China’s state-owned oil, gas giants look set for challenging next few quarters

Oil&Gas Materials 23 March 2020 10:51 (UTC +04:00)
China’s state-owned oil, gas giants look set for challenging next few quarters

BAKU, Azerbaijan, March 23

By Leman Zeynalova – Trend:

China’s state-owned oil and gas giants look set for a challenging next few quarters, faced with a double whammy of demand-side concerns created by the Covid-19 outbreak and the collapse in global crude oil prices in the wake of the recent OPEC+ fallout, Trend reports citing Fitch Solutions Country Risk and Industry Research (a unit of Fitch Group).

“Figures cited by state-owned China News Service (CNS) show that CNPC’s average daily oil and gas production registered y-o-y increases of 2.2 percent and 12.6 percent, respectively, over the January-February period, due to growth from some of its largest – but also oldest – fields such as Changqing and Daqing, while CNPC subsidiaries operating the Xinjiang and Shengli oilfields reported stable output activities. The same source also notes that Sinopec’s crude output remained flat against the previous year over the first two months of the year, while that for gas rose by 5.7 percent from 2019 levels. Similar statistics for CNOOC were not available, although the company's appetite for offshore projects is highlighted by the successful start of the Bozhong 34-9 field and successful discovery of Kenli 6-1, both in southern Bohai Bay in February and March 2020, respectively,” the company said in its report.

Fitch Solutions believes that the state-owned enterprises (SOEs) are set to face challenges in meeting respective output growth and capex targets for 2020, given current conditions, despite pressure to continue to heed President Xi Jinping’s orders to boost output and enhance energy self-sufficiency.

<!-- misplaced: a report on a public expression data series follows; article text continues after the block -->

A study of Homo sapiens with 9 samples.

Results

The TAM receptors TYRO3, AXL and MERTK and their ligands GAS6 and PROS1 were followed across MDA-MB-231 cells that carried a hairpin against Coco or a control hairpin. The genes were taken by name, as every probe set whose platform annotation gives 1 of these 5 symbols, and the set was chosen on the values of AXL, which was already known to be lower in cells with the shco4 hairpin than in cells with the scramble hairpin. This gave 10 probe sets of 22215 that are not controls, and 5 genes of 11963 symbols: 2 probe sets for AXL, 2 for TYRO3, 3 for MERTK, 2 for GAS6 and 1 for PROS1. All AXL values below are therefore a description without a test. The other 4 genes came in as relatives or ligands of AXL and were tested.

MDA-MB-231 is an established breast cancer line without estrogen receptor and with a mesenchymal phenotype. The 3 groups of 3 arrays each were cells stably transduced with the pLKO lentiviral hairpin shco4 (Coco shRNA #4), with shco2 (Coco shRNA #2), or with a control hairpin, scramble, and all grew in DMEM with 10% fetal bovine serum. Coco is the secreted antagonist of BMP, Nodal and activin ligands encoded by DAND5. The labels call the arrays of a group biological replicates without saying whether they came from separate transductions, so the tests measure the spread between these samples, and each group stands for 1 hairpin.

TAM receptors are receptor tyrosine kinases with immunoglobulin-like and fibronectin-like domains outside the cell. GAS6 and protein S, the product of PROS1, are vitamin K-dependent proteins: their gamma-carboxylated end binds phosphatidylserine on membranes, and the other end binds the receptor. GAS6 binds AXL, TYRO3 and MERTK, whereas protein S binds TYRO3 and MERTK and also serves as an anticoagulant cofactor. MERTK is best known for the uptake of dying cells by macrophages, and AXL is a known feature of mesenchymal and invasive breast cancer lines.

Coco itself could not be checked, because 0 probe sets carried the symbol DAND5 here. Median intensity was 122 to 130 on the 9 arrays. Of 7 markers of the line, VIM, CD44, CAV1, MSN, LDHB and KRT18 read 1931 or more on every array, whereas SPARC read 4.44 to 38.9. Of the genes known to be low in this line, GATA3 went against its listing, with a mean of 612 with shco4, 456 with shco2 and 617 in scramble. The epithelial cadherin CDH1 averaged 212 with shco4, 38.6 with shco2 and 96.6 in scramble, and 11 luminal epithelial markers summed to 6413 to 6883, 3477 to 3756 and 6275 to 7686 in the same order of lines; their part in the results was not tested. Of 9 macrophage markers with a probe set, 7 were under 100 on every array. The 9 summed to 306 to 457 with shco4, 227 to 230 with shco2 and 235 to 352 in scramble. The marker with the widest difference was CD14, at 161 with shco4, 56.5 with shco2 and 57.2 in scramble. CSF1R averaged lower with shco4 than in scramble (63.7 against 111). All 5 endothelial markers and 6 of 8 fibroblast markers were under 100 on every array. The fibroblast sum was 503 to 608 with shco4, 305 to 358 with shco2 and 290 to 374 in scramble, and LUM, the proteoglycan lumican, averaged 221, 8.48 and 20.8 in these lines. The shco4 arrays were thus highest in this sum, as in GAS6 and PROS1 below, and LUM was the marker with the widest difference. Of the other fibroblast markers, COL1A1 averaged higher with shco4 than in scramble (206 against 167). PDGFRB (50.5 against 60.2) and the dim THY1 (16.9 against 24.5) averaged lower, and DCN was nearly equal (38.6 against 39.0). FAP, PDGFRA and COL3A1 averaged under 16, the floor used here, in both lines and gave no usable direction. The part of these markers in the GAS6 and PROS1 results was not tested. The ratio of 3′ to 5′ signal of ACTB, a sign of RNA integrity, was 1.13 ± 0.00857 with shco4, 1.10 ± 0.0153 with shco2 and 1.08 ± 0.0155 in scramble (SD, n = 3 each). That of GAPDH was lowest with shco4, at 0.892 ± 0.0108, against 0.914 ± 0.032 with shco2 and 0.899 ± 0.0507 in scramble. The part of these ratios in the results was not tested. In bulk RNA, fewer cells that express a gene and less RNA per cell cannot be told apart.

“Following a record year of oil and gas spending in 2019, PetroChina, Sinopec and CNOOC were expected to raise combined capex by another 8.6 percent y-o-y in 2020, to underpin domestic upstream and output growth activities. For instance, CNOOC had budgeted to spend between $12.3 billion and $13.8 billion in capex over 2020, up about 18 percent from the $10.3 billion-$11.7 billion it spent a year ago, as offshore and deepwater, next to unconventionals, were identified to lead the next wave of oil and gas output growth in China, attracting a host of incentives and policy support,” reads the report.

CNOOC had also targeted total oil and gas output of 520-530mn bbl of oil equivalent (boe) in 2020, equivalent to a 3-5 percent y-o-y increase, said the company.

“PetroChina and Sinopec were expected to spend a combined $53.2bn in capex in 2020, up 6.7 percent from the previous year, focusing on adding new wells at mature fields to boost recovery rates and growing output of shale gas and other forms of unconventional gas, in line with ambitious output targets. The significant shifts in the market that have occurred since the announcement of these targets, however, raise concerns about their attainability. Indeed, industry sources indicate that breakeven costs for most of PetroChina and Sinopec’s range between $50-$60/bbl, while that for CNOOC is lower at about $35/bbl. This means that many of the SOE’s existing output, particularly those on the higher cost curve, would increasingly prove uneconomic should oil prices remain at current sustained lows. Given our forecast for Brent to remain below $50/bbl for the next few years, some magnitude of output cuts appears inevitable.”